The housebuilder said the performance reinforced its optimism after a return of half-year profits with a surplus of £21.6 million for the six months to 31 December, compared with losses of £4.6m a year ago.
Average selling prices in the half-year rose by 3.1 per cent to £181,200, fuelled by greater robustness in the South East, where it has many of its 382 sites.
Chief executive Mark Clare said the acquisition of land at attractive prices during the economic downturn was driving its recovery.
He added: “Over the last six months we have continued to improve the performance of the business, despite the wider economic uncertainty.”
While most housebuilders have reported strong growth in recent months, there are fears of a slump when first time buyers are required to start paying stamp duty again next month.
However, builders hope that the UK government’s mortgage indemnity scheme, which sees it guarantee to underwrite losses on new build properties in England to help first time buyers borrow up to 95 per cent of the value of their home, will stimulate demand.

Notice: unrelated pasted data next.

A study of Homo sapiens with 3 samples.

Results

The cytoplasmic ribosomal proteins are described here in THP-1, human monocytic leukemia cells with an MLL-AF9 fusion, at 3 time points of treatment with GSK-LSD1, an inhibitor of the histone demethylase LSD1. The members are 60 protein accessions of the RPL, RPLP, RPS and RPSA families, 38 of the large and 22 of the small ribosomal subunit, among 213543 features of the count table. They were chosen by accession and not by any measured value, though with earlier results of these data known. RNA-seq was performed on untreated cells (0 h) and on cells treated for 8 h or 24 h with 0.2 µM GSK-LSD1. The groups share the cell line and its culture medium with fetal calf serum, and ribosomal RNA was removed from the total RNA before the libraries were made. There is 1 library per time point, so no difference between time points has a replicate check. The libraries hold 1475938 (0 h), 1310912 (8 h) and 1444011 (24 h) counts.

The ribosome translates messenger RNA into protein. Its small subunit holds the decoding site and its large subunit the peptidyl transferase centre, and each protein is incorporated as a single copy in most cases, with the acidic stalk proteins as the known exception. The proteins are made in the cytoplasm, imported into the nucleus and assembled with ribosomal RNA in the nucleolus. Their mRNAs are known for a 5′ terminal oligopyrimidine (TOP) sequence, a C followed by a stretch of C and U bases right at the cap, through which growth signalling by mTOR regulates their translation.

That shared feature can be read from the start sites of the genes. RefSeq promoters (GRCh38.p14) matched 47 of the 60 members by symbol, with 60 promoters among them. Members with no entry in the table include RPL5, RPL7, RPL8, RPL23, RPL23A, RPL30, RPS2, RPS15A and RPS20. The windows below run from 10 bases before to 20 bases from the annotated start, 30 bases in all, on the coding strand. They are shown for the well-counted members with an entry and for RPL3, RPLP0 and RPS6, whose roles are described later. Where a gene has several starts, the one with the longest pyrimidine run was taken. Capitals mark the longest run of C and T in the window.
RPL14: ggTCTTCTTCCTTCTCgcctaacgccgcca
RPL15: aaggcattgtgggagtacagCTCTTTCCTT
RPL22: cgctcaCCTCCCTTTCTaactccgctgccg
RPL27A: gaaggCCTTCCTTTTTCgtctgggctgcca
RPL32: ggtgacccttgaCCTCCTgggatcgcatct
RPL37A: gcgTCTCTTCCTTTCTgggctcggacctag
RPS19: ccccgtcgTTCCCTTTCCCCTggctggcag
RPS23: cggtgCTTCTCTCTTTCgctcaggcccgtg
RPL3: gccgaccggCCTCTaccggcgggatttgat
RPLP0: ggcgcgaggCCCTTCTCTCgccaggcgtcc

In the first seven weeks of 2012, Barratt said private reservations increased by 21.8 per cent on a year earlier, while cancellation rates have remained low at an average of 13.8 per cent.
Keith Bowman, an equity analyst at Hargreaves Lansdown Stockbrokers, said a combination of self-help initiatives, ultra low interest rates and government assistance had underwritten Barratt’s recovery.
He said: “A change in the product mix away from flats and towards houses continues to assist selling prices, whilst the use of cheaper land bought post the start of the credit crisis has reduced costs, boosting the group’s profit margin.”